Bank of America Books a Second Provisioning Charge

After incorporating these results into our forecast, and after incorporating a 50% probability of Joe Biden being elected and instituting his proposed tax hike, we are lowering our fair value estimate to $28 from $30.



Wide-moat Bank of America (BAC) reported better-than-expected results, with net income of $3.5 billion, or $0.37 per diluted share, beating S&P Capital IQ consensus estimates. Though the bank reported results that beat consensus, it still recorded approximately a 50% year-over-year drop in both net income and earnings per share, mainly as a result of a second large increase in provisioning of $5.1 billion; this build was mainly attributed to a weaker economic outlook. Meanwhile, pre-tax, pre-provision revenue declined 9% year over year as low interest rates weighed on net interest income. The bank did report a higher tangible book value of $19.90 for the quarter. At this point, management has not reinstated share repurchases though it is still committed to paying dividends. After incorporating these results into our forecast, and after incorporating a 50% probability of Joe Biden being elected and instituting his proposed tax hike, we are lowering our fair value estimate to $28 from $30.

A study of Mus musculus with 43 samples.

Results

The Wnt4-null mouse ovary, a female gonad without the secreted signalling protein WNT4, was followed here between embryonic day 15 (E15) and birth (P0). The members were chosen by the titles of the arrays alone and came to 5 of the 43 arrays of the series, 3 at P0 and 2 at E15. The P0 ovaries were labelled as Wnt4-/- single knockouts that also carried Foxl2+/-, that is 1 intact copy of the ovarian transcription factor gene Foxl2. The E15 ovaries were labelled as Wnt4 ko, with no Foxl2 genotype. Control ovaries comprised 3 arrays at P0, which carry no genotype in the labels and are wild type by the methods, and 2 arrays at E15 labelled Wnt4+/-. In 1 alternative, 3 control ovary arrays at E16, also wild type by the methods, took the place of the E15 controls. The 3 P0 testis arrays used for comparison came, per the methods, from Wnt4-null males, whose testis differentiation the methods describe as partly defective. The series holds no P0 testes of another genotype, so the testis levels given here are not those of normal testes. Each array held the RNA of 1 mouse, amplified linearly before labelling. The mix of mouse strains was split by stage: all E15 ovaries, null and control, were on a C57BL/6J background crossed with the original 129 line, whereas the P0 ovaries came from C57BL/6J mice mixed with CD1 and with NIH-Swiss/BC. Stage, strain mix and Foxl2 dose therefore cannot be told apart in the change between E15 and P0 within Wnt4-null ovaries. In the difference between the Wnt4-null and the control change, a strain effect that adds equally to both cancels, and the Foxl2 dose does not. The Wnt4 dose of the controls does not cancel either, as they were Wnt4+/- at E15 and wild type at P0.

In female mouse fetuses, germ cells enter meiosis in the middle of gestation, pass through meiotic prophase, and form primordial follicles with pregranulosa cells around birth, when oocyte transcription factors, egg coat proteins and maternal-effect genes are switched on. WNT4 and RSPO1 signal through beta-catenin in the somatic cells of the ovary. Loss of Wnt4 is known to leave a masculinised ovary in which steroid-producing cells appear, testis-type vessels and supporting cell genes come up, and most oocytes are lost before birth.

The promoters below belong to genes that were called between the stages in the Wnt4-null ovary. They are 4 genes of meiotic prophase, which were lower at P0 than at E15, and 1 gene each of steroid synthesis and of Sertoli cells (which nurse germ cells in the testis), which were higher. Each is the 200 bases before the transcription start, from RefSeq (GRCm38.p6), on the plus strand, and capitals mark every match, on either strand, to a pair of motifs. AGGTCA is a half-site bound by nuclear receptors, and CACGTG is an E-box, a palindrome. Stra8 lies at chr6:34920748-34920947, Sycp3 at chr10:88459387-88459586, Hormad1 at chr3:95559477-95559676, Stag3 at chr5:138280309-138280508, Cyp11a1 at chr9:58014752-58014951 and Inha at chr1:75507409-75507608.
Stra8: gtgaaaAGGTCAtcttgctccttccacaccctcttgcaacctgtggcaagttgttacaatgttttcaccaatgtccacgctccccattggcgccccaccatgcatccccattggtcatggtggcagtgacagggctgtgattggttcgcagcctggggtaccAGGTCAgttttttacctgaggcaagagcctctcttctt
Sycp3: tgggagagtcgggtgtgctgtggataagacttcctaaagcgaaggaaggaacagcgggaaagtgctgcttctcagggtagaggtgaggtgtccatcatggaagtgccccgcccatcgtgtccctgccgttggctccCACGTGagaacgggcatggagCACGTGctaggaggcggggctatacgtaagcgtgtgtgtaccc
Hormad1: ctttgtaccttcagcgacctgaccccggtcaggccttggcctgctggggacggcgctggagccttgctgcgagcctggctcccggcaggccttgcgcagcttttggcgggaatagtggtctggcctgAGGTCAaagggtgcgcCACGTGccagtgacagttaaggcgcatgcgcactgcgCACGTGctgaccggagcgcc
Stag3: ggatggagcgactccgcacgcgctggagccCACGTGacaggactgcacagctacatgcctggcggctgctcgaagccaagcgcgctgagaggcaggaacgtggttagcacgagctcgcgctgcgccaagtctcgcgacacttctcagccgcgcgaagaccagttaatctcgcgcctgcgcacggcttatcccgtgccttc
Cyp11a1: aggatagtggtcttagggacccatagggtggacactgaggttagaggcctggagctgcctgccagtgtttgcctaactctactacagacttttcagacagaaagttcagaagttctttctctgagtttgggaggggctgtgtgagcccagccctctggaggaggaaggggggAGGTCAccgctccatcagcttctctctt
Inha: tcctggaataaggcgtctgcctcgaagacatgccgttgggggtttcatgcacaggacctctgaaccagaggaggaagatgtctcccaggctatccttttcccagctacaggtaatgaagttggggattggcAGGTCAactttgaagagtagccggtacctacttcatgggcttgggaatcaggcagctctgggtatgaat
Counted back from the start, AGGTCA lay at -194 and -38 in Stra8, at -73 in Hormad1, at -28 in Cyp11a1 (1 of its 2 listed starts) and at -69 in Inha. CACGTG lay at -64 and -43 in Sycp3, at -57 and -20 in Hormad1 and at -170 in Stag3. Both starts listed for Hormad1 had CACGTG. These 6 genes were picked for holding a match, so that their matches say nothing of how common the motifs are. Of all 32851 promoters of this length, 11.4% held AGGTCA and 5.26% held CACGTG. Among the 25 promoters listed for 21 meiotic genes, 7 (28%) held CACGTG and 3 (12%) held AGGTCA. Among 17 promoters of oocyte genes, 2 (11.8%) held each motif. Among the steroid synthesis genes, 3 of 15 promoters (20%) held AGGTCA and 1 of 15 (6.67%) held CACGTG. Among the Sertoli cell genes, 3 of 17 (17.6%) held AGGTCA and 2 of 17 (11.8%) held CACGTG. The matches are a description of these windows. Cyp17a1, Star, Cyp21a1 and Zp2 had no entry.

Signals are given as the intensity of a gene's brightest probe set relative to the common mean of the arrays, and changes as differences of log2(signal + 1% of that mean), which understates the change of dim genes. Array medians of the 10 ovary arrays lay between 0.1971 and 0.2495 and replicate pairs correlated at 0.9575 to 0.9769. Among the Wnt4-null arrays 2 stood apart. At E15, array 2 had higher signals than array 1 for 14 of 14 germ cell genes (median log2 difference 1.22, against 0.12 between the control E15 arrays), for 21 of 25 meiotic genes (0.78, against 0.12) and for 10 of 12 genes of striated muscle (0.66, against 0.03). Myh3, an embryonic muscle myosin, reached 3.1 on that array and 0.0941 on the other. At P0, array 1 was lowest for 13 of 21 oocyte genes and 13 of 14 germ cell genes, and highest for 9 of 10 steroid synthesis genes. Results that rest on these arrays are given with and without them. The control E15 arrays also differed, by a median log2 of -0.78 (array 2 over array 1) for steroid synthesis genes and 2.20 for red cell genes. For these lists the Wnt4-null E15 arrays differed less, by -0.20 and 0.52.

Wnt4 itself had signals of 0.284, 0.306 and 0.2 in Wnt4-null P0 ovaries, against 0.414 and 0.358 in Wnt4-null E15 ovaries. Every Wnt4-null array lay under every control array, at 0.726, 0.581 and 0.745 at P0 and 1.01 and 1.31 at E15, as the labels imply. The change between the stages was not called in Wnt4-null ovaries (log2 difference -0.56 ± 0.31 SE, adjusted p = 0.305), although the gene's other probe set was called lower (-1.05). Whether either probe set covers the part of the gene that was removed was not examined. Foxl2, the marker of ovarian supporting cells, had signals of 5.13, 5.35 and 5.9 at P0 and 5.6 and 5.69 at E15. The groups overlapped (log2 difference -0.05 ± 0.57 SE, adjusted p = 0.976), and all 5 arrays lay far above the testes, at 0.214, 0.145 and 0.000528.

Bank of America reported an 11% year-over-year decline in net interest income accompanied by a 46 basis point decline in net interest margin to 1.87%; this was mainly due to lower interest rates, partially offset by balance sheet growth. Noninterest income increased 5% year over year, mainly as a result of higher sales and trading and investment banking fees. Sales and trading revenue grew 28% year over year, though with the exclusion of debit valuation adjustments, this number grew 35% over the same period; this was mainly a result of strong performance in fixed-income markets. Meanwhile, investment banking fees recorded an excellent quarter, growing 57% year over year. We would expect these higher-than-normal issuance and trading volumes and spreads to dissipate in the second half of the year. Management exhibited good expense control, with expenses growing 1% compared with the year-ago period, as higher COVID-19-related expenses were partially offset by reductions in other areas.